Putting it all Together

This Ain't Your Parents' "LAMP Stack"

Putting all these components together, it’s clear that the “stack” has become a lot more complex since WordPress got started. Rather than the classic Linux Apache MySQL PHP (LAMP) configuration, you now have:

  • Linux
  • Varnish or Edge Cache Provider
  • Content Delivery Network
  • Apache or Nginx
  • PHP
  • Memcached or Redis
  • ElasticSearch or Apache Solr
  • MySQL and Database Replication

It doesn’t lend itself to a nice acronym, and a full diagram can start to feel overwhelming:

Don’t panic! This is why the discipline of DevOps exists. There are professionals who are experienced with setting up this style of implementation, and several of the component pieces are now available as cloud services.

Also, you don’t have to run it yourself. This style of architecture can be obtained from managed hosting and platform providers. If you are looking to outsource your website infrastructure — an increasingly common choice — you should now be armed with sufficient knowledge to evaluate various providers:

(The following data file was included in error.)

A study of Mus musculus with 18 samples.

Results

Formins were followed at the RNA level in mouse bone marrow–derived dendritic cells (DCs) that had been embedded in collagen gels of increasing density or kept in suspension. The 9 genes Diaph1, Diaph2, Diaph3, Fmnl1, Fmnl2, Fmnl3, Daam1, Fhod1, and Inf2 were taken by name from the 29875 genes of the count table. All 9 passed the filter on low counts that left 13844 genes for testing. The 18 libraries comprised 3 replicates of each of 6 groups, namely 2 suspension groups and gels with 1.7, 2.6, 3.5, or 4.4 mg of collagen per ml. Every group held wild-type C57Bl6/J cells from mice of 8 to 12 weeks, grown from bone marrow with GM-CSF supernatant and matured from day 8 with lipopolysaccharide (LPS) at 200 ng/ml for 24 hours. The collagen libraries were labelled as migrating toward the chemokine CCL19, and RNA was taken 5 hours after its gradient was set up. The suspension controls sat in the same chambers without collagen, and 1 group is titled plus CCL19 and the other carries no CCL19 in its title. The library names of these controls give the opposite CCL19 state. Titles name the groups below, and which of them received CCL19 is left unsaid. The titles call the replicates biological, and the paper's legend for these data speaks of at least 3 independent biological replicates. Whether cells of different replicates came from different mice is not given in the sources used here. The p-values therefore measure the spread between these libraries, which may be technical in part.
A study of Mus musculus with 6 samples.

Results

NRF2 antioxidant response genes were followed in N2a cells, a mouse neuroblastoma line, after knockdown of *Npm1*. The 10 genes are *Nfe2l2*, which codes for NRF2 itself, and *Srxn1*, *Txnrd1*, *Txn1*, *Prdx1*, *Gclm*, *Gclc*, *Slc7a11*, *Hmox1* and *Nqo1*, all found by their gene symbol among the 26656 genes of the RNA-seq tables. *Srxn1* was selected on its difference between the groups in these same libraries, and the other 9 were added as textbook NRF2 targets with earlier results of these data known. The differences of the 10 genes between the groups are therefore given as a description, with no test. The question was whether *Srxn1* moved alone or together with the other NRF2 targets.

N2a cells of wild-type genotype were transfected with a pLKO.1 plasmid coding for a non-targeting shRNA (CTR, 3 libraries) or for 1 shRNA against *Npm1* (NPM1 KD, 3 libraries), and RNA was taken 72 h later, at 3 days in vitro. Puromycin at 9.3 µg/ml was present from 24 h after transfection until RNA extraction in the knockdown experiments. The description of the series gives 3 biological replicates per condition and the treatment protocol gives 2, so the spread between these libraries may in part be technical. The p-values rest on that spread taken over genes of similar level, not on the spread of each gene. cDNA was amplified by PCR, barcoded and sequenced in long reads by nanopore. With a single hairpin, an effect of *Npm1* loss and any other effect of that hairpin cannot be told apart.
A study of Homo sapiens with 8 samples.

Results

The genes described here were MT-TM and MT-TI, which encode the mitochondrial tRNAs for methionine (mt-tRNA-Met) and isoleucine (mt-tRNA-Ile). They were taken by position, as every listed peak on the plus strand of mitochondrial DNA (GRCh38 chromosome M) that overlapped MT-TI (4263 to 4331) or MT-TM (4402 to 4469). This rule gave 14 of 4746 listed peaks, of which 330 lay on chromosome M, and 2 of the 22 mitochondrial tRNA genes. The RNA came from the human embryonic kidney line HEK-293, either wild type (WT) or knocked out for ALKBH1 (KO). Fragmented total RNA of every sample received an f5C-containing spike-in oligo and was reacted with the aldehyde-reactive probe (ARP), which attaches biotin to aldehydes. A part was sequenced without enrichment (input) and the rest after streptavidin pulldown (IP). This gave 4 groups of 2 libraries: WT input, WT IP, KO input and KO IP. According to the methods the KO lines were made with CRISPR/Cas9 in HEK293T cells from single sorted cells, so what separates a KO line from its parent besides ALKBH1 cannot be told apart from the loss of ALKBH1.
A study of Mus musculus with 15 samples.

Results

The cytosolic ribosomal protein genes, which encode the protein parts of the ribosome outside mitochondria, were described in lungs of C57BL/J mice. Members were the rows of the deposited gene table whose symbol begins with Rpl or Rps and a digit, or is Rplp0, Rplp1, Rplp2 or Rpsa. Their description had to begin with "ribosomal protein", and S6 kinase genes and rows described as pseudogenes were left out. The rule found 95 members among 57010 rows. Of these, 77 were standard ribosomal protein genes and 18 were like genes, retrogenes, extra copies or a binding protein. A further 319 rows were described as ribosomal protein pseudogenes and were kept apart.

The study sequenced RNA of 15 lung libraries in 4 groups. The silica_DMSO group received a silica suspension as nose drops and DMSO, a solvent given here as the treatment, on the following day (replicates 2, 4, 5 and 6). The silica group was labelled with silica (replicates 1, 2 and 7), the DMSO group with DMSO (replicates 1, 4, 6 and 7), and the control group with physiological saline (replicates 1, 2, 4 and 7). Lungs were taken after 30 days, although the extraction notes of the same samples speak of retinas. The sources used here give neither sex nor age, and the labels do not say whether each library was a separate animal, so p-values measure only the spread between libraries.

• Do they provide load-balancing and reverse-proxy caching?
  • Is their infrastructure truly elastic? What is the turnaround time for scaling horizontally?
  • How do they handle the need for a network filesystem for uploads?
  • Which persistent object caching system(s) do they support?
  • Can they provide MySQL replication? Does it support HyperDB?
  • What options do they offer for a Search Index?

Beyond that, there’s another key concern when it comes to running WordPress at scale, but it isn’t about the production infrastructure. It’s about how you can be agile and effective developing and debugging your site, and how to make sure this kind of complexity doesn't lead to a fear of deploying changes.